A new food processing technique could result in food products with better characteristics and an extended shelf life, researchers believe.

The technique incorporates High Pressure Processing (HPP) or Pascalization, a century-old method of food preservation which uses very high pressure to render inactive certain microorganisms (such as yeast, mould and bacteria) and enzymes in the food.

A new version of HPP, called High Hydrostatic Pressure in combination with Temperature (HPT), adds a heating stage to the high pressure processing.

According to youris.com, a media center for European research innovation, the combination of a preheating stage and high pressure is expected to sterilise food products and ensure greater food safety, freshness and nutritional quality, while extending shelf life. HPT also offers environmental benefits thanks to its low energy costs and reduced water consumption.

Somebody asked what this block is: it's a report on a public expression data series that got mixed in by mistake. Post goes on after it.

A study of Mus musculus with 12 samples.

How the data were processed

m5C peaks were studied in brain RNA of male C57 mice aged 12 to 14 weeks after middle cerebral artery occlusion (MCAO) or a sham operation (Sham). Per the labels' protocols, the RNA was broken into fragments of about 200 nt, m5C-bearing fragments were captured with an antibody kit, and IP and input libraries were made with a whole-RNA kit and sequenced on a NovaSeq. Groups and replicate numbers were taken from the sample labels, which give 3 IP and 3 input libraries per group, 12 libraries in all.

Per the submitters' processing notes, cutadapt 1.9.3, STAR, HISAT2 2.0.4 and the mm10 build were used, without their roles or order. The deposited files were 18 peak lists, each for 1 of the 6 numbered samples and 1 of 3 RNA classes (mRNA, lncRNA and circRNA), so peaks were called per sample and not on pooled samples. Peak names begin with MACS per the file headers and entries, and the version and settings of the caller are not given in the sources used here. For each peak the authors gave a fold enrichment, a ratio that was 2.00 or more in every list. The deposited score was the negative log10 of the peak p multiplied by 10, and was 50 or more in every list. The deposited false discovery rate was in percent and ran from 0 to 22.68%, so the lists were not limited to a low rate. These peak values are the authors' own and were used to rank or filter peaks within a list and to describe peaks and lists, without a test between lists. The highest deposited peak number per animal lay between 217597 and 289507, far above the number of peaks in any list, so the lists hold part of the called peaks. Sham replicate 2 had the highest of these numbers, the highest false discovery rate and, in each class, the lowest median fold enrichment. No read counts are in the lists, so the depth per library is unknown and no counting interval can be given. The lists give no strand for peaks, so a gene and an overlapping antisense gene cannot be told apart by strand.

“After HPP most of the enzymes are intact, which means the color and texture (and also flavor) are not stable during chilled shelf life. On the other hand, after HPT treatment the enzymes are mostly rendered inactive, resulting in a stable color and texture during the ambient shelf life,” explained Dennis Favier, creative director of innovation company TOP B.V. in the Netherlands.

“Another important difference is food safety of non-acidic products, like vegetables or meat,” Favier continued. “Due to bacterial spores, non-acid food is not safe after HPP treatment. On the contrary, by applying HPT the spores are killed, which makes the products sterile and thus safe for a long period.”

Favier said that he expects this new technology to become more widely used than HPP, as it can be applied to more food types.